CID given 60 days to complete probe

KIGALI - The office of Ombudsman has given the Criminal Investigation Department (CID) sixty days to complete investigations against government officials who could not justify their wealth. Twelve government officials from unnamed institutions are the targets of the investigations.

KIGALI - The office of Ombudsman has given the Criminal Investigation Department (CID) sixty days to complete investigations against government officials who could not justify their wealth. Twelve government officials from unnamed institutions are the targets of the investigations.

A source from Ombudsman office told The New Times on Tuesday that a letter asking police investigators to expeditiously carry out the probe was written on January, 30.

“Yes, the police was given two months,” the source who spoke on condition of anonymity said. When contacted on Wednesday, CID boss Christopher Bizimungu confirmed the development and said investigations were on course.

“We were given sixty days. But we shall finish the work before the deadline,” Bizimungu said in an interview at his office in Kacyiru.

Reports from the office of Ombudsman are rife that some government officials could be accumulating wealth beyond what their earnings justify.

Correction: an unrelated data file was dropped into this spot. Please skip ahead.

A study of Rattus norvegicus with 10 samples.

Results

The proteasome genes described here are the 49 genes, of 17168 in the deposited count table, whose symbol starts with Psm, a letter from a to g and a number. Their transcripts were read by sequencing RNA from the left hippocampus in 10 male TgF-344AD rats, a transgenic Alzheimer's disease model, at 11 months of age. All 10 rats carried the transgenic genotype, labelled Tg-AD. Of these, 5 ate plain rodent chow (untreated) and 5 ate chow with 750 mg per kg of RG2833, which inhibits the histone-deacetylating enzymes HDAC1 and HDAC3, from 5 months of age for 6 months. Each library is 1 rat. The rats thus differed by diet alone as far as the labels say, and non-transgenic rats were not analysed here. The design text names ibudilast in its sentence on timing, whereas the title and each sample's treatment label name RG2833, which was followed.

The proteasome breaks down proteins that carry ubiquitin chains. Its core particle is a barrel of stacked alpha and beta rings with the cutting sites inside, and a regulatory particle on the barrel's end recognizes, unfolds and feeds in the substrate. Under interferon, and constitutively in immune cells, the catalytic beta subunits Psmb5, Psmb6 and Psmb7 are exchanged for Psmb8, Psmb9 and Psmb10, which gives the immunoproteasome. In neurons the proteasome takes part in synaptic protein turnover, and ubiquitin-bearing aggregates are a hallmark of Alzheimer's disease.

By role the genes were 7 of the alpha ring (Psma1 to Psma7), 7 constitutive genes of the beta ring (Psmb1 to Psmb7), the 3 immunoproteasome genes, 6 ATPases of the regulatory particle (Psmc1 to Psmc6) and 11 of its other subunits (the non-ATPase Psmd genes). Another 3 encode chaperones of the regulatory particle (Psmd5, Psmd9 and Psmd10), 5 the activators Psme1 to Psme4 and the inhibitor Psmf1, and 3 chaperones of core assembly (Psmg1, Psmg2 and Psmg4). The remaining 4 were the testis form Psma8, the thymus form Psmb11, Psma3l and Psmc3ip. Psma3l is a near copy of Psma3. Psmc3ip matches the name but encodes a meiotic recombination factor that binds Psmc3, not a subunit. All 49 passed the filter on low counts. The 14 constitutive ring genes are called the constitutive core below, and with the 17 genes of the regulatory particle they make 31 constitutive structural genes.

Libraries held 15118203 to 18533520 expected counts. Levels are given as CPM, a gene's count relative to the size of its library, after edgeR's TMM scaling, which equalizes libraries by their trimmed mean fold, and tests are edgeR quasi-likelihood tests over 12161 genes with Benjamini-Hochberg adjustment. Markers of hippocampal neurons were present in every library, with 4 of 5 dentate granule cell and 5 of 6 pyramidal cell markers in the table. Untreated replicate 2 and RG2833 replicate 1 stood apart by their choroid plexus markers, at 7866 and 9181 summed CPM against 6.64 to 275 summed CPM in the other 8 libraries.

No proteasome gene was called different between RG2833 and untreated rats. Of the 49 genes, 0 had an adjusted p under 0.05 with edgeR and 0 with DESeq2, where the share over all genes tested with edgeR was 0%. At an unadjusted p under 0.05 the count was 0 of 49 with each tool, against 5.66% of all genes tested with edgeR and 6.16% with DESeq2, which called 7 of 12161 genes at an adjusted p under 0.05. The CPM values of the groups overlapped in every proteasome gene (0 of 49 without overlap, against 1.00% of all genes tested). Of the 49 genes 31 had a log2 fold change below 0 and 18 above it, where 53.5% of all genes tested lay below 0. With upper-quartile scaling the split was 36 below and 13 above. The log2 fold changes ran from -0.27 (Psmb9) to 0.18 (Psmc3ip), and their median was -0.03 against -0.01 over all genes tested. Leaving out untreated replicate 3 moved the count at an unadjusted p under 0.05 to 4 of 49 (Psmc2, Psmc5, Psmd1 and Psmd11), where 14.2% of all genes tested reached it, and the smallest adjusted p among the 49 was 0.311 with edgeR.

Early this year, the Ministry of Internal Affairs sacked eight employees after they failed to explain how they accumulated their wealth.

Penelope Kantarama, the ministry’s Permanent Secretary said the sacking was done after Ombudsman’s investigations implicated the officials. She said the ministry had acted on the directive from the Ombudsman after the latter implicated the said employees.

The sacked employees had been under probe for months.
Leaders are required by law to submit their annual declaration of income, assets and liabilities for verification by June 30.

Any leader who fails to declare his/her wealth without any reasonable cause breaches the law and the penalty is huge. The idea is to discipline government employees suspected of dipping their fingers into public funds.

Statistics from the Ombudsman office last year indicated that out of 4,929 government employees, 4,478 complied with the 2004 law that requires leaders to declare their wealth.

Land, cars, houses and cash are some of the wealth indicators. Penalties for accumulated wealth beyond the employee’s earning include dismissal and loss or forfeiture of assets among others.

Those supposed to declare wealth include the President, ministers, judges, MPs, police, army and prisons officers, heads of departments, local government officials and district employees.